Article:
Parliamentary Committee clears path for KQ tax exemption
The National Assembly Committee on Delegated Legislation has cleared the way for the exemption of Kenya Airways (KQ) and its subsidiaries from minimum tax.
In its report tabled on the floor of the house last week, the Committee has recommended that Members of Parliament (MPs) approve the exemption which was first sponsored by the National Treasury.
The Planning Ministry made the proposal through Legal Notice No.27 of 2021 which sort to exempt an airline and its subsidiaries in which the government holds at least a 45 per cent stake from the minimum tax.
The national carrier requested exemption from the Treasury citing the impact of the COVID-19 pandemic on the aviation industry along with its role in the economy including marketing Kenya as a tourist destination and trade facilitation.
If adopted, the exemption is expected to extend to KQ subsidiaries including Jambojet in which it holds a 100 per cent stake, Kenya Airfreight Handling Limited and African Cargo Handling Limited.
Others are, KenCargo Airlines International Limited and Fahari Aviation Limited (Pride Oil Limited).
The grant of the exemption by the Committee was nevertheless against concerns raised during public participation including the discrimination of other airlines and the persistent financial constraints facing the airline long before the advent of the pandemic.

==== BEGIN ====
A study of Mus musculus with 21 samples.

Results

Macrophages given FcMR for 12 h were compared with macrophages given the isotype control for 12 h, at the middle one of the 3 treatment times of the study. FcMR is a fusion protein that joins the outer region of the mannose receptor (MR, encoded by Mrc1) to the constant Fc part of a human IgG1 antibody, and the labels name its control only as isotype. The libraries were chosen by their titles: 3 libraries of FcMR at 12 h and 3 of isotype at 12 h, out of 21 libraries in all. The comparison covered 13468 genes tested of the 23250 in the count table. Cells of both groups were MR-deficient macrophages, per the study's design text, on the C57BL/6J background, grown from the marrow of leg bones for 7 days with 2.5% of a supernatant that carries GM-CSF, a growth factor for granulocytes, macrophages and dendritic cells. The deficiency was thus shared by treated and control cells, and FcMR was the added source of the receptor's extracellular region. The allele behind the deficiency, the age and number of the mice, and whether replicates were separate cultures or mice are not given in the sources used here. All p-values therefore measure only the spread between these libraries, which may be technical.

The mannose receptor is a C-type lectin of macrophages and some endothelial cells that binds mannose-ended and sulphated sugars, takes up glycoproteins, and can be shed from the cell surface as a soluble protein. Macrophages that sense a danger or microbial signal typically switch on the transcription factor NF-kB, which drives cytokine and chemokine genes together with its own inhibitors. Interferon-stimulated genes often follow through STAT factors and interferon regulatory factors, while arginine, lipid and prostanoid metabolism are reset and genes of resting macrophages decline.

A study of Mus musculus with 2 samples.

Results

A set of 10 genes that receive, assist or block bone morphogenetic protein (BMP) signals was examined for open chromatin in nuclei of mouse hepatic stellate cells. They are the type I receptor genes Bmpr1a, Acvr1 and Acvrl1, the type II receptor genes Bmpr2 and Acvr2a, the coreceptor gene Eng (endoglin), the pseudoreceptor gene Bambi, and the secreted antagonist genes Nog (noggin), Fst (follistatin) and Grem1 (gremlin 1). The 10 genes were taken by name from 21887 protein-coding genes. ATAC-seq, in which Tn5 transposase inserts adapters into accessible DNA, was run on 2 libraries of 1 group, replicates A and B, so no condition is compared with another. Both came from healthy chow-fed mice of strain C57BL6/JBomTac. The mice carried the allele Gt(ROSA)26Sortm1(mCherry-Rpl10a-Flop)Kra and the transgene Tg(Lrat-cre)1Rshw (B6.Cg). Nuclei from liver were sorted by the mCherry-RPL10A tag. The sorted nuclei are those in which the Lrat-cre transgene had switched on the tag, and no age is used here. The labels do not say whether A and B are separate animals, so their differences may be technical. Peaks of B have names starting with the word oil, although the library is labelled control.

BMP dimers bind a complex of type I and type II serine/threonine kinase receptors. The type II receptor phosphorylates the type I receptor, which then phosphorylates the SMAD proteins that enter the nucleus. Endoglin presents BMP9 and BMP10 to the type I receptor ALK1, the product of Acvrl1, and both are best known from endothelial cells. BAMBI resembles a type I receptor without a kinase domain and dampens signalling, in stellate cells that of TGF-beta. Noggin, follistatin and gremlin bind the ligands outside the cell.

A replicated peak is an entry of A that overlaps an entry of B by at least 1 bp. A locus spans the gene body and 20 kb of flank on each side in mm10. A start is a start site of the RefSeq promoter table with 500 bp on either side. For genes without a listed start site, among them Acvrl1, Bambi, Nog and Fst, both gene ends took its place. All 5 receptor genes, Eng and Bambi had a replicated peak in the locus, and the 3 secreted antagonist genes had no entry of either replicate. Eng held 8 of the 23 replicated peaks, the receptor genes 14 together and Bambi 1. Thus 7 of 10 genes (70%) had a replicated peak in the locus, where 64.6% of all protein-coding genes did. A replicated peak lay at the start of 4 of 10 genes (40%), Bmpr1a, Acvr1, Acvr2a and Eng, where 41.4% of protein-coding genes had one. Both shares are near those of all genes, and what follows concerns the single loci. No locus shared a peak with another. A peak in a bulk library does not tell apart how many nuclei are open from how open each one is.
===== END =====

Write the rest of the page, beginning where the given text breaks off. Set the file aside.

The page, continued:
The Committee has however anchored the exemption request to cover the national carrier on subsidies extended to State linked carriers in other jurisdictions around the world.
This include the waiver of all landing and parking fees between April and December last year by the Seychelles government, Ksh.13.7 billion ($128 million) relief for tourism and air transport sectors in Senegal and the Ksh.1.2 trillion (9 billion Euro) bailout of Lufthansa by Germany.
The implementation of minimum tax on other enterprises meanwhile remains in limbo following a petition by the Isinya Sub-County Bar Owners Association who challenged the constitutionality and validity of the new tax provision effected through the 2020 Finance Act.
The petitioners have argued the tax fails to meet the threshold of income tax by subjecting loss making entities to taxation.
The petition is expected to feature on Wednesday when parties to the suit highlight their submissions in courts.
The minimum tax is charged at the rate of one per cent on companies gross turnovers irrespective of their profitability position and falls due on the 20th day of the month following the end of a quarter of operations.
The first payments for the tax fell due on April 20 but were thwarted by the court petition.